Every once in a while, many soccer magazines around the world publish their best lineup of the season, of all times or of a certain club’s history. Although it is quite fun to pretend to be a manager with unlimited resources and the Marty McFly - Doc Emmett Brown couple in the staff, most of the times these lineups end up sharing common faults, such as the lack of defensive players or the accumulation of #10s all around the field.
In this piece, some members of Managing Madrid staff have configured a Real Madrid all-time starting lineup, but aiming to be realistic and competitive. We have tried to select balanced lineups that could be engaged in serious games throughout a whole season, and not only in Globetrotter-like exhibition games. Of course, all players chosen will be considered to be at their primes.
Starting XI: Casillas; Panucci, Hierro, Ramos, Marcelo; Redondo, Modric, Di María; Zidane; Cristiano Ronaldo, Ronaldo Nazario.
Coach: Carlo Ancelotti.
Subs: Illgner, Roberto Carlos, Pepe, Alonso, Seedorf, Figo, Raúl.
As I am only twenty-six, I decided to only pick players from the 1990s and on, which excludes Real Madrid legends like Di Stéfano, Puskas, Gento, Amancio, Schuster, Juanito or Butragueño. Raúl, my favourite player when I was a child, was possibly the first name that came to mind, but I don’t think he would stand a chance against Ronaldo Nazario or Cristiano Ronaldo upfront, who might be able to break any defence by pure brute force.
Built around a 4-3-1-2 system that was chosen, basically, to select Zidane in his best position, this team would have many features of last season’s 4-3-3 devised by Ancelotti, with The Prince Fernando Redondo taking Alonso’s spot. Panucci’s defensive capabilities could compensate the lack of work of Ronaldo in his wing, while Marcelo could be unleashed in the left thanks to the titanic efforts by Ángel Di María. With Ramos and Hierro guarding the box, Casillas should not have any serious trouble against aerial threats and his almighty reflexes would suffice to neutralize all other occasions by our rivals.
Starting XI: Casillas; Salgado, Hierro, Ramos, Carlos; Alonso, Modric, Ozil; Di Maria; Cristiano Ronaldo, Ronaldo Nazario.
Coach: Jose Mourinho
Subs: Illgner, Marcelo, Pepe, Redondo, Zidane, Figo, Raúl.
Like Dani, my early years of being a Madrid fan were in the early 90s but since the 2000s provided some of the best players this club has ever seen, I’ll be going with those for the bulk of it (otherwise the likes of Alfredo Di Stefano, Ferenc Puskas and Paco Gento would be no-brainers). My shape is a 4-2-3-1, which I normally strongly dislike, but has the potential to drop back into either a 4-3-3 or a 4-2-4. The team would be managed by Jose Mourinho as his pragmatic approach would mold his expressive superstars and control their overly individual efforts, though it was incredibly difficult to not pick Carlo Ancelotti.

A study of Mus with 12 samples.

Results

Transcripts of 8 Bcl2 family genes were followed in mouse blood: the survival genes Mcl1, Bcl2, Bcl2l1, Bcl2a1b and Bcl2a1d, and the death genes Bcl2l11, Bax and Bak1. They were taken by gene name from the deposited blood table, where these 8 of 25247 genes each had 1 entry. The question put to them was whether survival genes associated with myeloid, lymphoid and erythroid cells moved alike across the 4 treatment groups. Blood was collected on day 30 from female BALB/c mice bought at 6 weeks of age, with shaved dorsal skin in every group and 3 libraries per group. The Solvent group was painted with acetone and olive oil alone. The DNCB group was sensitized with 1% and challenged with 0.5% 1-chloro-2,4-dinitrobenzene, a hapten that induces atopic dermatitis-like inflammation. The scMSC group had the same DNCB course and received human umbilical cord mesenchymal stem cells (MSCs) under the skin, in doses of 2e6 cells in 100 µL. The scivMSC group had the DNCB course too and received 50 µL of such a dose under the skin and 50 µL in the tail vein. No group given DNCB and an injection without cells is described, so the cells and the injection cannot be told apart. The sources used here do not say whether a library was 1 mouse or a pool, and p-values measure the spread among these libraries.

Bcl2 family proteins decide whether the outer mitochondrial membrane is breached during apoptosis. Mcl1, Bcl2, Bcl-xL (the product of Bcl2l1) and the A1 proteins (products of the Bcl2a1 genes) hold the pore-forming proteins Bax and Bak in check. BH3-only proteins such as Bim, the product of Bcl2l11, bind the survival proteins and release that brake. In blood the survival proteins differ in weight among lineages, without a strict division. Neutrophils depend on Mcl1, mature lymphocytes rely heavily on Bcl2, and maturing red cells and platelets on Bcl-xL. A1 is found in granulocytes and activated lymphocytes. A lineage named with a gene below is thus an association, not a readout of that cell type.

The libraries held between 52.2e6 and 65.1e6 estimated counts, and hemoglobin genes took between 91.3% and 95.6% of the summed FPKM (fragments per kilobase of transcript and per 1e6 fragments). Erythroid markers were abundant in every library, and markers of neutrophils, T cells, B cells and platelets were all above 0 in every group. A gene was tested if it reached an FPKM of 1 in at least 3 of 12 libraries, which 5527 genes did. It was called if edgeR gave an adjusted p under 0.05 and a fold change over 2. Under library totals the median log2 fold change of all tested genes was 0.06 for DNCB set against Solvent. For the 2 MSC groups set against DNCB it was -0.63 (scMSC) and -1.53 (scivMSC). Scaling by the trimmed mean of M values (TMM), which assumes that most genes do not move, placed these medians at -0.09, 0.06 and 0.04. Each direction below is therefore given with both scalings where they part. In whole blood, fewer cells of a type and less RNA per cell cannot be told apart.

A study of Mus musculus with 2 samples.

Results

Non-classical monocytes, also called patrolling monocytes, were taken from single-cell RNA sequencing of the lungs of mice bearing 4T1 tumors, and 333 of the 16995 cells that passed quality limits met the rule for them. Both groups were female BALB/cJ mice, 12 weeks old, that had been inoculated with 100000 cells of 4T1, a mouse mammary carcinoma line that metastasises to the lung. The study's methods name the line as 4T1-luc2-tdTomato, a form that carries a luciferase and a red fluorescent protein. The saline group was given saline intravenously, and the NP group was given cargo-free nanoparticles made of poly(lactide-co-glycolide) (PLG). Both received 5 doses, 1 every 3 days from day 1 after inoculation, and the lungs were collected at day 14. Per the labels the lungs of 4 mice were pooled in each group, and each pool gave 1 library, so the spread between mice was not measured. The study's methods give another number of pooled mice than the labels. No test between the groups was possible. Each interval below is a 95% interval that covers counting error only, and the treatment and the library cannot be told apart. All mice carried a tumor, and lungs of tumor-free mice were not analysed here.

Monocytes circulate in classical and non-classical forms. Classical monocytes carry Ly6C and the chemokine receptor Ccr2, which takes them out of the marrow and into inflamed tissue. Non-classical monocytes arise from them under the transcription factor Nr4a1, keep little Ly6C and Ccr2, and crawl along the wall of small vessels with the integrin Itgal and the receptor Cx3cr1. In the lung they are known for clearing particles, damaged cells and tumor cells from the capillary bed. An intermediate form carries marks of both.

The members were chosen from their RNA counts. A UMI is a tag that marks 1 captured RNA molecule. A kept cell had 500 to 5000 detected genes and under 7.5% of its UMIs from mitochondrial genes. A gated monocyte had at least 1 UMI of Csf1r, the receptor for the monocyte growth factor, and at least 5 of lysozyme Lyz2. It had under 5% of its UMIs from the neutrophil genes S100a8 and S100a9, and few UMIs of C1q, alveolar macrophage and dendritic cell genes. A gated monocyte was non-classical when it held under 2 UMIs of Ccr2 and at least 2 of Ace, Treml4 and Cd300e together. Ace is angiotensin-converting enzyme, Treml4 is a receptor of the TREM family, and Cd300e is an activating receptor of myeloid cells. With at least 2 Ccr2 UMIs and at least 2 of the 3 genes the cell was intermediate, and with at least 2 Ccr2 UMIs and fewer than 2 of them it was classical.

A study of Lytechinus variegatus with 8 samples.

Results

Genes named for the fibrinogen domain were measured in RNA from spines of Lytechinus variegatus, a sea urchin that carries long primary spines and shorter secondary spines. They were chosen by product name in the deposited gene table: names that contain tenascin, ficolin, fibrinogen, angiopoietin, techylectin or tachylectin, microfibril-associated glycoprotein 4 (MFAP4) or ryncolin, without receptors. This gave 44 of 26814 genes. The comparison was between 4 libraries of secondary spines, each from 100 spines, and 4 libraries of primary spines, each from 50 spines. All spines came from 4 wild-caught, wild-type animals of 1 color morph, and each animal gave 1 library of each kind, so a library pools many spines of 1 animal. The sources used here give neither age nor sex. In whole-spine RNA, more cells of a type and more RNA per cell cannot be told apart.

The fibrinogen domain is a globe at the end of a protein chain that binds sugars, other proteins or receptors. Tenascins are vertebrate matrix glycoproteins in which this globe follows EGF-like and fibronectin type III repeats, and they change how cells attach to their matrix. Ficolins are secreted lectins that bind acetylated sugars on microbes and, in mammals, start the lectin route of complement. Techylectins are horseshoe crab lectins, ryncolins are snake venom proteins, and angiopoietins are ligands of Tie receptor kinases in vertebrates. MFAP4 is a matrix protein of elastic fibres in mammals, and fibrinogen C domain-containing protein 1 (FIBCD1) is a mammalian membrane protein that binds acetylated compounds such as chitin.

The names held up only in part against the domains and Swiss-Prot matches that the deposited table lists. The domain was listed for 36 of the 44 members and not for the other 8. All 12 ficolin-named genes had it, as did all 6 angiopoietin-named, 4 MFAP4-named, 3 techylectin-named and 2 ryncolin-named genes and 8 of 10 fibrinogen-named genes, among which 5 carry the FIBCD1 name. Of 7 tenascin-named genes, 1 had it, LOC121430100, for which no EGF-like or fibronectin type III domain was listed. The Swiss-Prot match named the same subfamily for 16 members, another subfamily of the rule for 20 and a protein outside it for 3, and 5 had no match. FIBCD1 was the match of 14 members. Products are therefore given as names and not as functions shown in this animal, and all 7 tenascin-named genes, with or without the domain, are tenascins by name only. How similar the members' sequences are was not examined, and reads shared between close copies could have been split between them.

Initially, the first thing that catches the eye is no Zinedine Zidane in the starting XI. While he’s undoubtedly one of the greatest players ever, I prefer Mesut Ozil’s consistency and selflessness to feed the superstars around him over Zidane’s sublime individual skills which would sometimes go missing. To his left is Cristiano Ronaldo, hardly a difficult decision, with Ronaldo Nazario up top. On the right was the difficult choice for me and while I would often get irritated with his play on the wing, this team needs a hard worker like Angel Di Maria opposite of Ronaldo to drop back and provide defensive cover while feeding the attacking two stars on offense with his crosses. Luis Figo is the tempting option, but this needs to be as balanced of a side as possible.
The midfield might also provide a bit of a surprise with no Redondo but in my opinion Xabi Alonso was the world’s most complete two-way midfielder in his first 2-3 seasons at Real Madrid. Him serving as a defensive anchor while launching the counterattack, as well as his organizational and calming skills, is a must. Luka Modric joins him as the ultimate shuttler and jack-of-all trades. The defense was relatively simple to pick as the somewhat psychopathic tendencies of Salgado would finely counter Carlos’ physical flair. Ramos would be paired with a calming influence in Hierro while both being able to provide a source for goals in a jiffy. Iker Casillas is a no-brainer in goal.
Starting XI: Casillas; Salgado, Hierro, Ramos, Roberto Carlos; Redondo, Zidane, Cristiano Ronaldo; Figo; Raúl, Ronaldo Nazario.
Coach: José Mourinho
Subs: Diego López, Marcelo, Pepe, Modric, Seedorf, Guti, Van Nistelrooy.
Could you play a real football match defending with just 5 players? Probably not, but if Isco, James and Di María can play as central midfielder, why couldn’t Zidane? I decided to choose Salgado as the right-back although he wasn’t that great defensively. His intensity couldn’t be matched, you have to give him that.
The four players upfront are undisputed although I was tempted to include Van Nistelrooy in the Starting XI ahead of Ronaldo Nazario.
Either way, this team should be exciting to watch and nearly unstoppable on offense. With Ramos and Hierro defending really high up the pitch and Roberto Carlos and Salgado tracking back constantly, maybe even the defensive line could work.